A roboticist from California has created a contraption that intentionally stabs people with a needle. Contrary to its mechanical brethren, this is the first robot purposefully designed to inflict pain on humans.
In order to ignite an ethical controversy, the robot goes against the author and professor of biochemisty Isaac Asimov’s first and second law of robotics, which states, “robots may not harm people,” and, “a robot must obey orders given it by human beings except where such orders would conflict with the First Law.”
The maker of the machine, Alexander Reben from Labs in Berkeley, California, chose to create the device in wake of recognizing a universal fear of robots, according to Fast Company.
Although no one knows what provokes this fear, Reben suspects machine’s ability to impose physical harm on humans when things go awry, in addition to worries of robots taking jobs and potentially the world, bear some responsibility.
In order to address these fears head on, Reben decided to create the world’s first robot intended to induce pain.
“No one’s actually made a robot that was built to intentionally hurt and injure someone,” he told Fast Company. “I wanted to make a robot that does this that actually exists …That was important, to take it out of the thought experiment realm into reality, because once something exists in the world, you have to confront it. It becomes more urgent. You can’t just pontificate about it.”
The robot consists of a black box and a mechanical arm latched to the top. Whenever an individual puts their finger within a pair of brackets, the robot is notified. The robot then swings down and pricks the individual’s finger, making them bleed.
Since the pain the robot inflicts is relatively harmless, it is unlikely that the contraption will provoke much outrage. However, Reben said he hopes his creation will draw attention from a diverse group of fields, including law, philosophy, engineering and ethics.
“These cross-disciplinary people need to come together to solve some of these problems that [not] one of them can wrap their heads around or solve completely,” Reben said.
Reben anticipates lawyers will quarrel about liability cases centered on a robot that can hurt people, whereas ethicists will contemplate whether the machine should exist. Nevertheless, it is possible Asimov’s laws would have never protected people from robots to begin with:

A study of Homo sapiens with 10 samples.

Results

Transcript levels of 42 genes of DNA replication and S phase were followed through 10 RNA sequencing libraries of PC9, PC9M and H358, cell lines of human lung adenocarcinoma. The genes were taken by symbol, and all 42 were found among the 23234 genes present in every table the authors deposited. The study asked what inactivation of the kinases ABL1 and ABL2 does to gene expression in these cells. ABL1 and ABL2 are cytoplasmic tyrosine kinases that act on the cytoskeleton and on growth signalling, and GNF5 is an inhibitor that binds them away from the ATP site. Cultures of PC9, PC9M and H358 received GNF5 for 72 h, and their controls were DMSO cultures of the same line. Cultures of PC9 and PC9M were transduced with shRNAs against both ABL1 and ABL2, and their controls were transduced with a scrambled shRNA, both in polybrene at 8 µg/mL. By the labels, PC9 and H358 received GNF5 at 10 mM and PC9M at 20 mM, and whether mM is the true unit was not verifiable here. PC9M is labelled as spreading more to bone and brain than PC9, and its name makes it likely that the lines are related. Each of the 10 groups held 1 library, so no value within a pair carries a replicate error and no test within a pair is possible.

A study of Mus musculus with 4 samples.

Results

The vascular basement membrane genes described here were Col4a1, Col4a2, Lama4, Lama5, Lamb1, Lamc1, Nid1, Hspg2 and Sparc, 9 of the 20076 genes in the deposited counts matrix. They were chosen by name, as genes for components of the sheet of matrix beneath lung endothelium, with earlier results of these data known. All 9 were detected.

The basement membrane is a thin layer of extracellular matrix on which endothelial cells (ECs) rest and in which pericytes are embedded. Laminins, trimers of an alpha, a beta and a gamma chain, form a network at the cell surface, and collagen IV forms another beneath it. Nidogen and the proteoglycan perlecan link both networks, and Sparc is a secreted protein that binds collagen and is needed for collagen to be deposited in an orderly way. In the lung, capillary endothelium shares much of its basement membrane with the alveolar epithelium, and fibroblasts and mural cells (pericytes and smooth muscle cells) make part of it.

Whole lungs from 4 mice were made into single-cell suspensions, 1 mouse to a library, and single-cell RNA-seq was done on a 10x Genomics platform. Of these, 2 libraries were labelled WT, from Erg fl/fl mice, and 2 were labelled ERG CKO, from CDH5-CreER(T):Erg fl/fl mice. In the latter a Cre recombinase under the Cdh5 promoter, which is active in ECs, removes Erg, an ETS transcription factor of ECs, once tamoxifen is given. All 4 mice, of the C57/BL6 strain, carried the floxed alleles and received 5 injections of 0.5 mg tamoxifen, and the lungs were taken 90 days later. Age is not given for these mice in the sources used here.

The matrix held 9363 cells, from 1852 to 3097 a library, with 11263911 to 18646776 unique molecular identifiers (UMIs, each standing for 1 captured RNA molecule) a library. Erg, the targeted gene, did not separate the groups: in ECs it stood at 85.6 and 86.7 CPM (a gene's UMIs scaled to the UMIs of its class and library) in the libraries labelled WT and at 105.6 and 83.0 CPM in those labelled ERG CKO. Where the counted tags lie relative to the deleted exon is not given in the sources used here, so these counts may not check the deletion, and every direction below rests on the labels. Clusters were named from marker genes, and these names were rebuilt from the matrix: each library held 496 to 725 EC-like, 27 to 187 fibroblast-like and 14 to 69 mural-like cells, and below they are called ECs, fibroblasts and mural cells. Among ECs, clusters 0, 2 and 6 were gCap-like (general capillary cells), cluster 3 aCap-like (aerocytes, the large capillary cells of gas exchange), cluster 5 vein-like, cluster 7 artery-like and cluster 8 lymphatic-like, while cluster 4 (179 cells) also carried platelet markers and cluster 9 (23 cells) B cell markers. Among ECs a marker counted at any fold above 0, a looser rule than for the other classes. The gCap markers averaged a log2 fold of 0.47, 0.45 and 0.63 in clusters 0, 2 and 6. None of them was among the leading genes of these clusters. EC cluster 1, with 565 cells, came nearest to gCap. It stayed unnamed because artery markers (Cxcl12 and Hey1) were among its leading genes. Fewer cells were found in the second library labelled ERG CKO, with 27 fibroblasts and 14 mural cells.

“The point of the Three Laws was to fail in interesting ways; that’s what made most of the stories involving them interesting,” noted Ben Goertzel, Chief Scientist of financial prediction firm Aidyia Holdings and robotics firm Hanson Robotics, explained to io9 in 2014. “So the Three Laws were instructive in terms of teaching us how any attempt to legislate ethics in terms of specific rules is bound to fall apart and have various loopholes.”
Regardless, Kate Darling, a researcher at the MIT Media Lab, told Fast Company that Reben is accountable for the robot since he created it.
“We may gradually distance ourselves from ethical responsibility for harm when dealing with autonomous robots. Of course, the legal system still assigns responsibility… but the further we get from being able to anticipate the behavior of a robot, the less ‘intentional’ the harm.”
She also thinks that as technology develops, we may have to reconsider the way we view machines.
“From a responsibility standpoint,” Darling continued, “robots will be more than just tools that we wield as an extension of ourselves. With increasingly autonomous technology, it might make more sense to view robots as analogous to animals, whose behavior we also can’t always anticipate.”
Check out the robot slice and dice in the video below.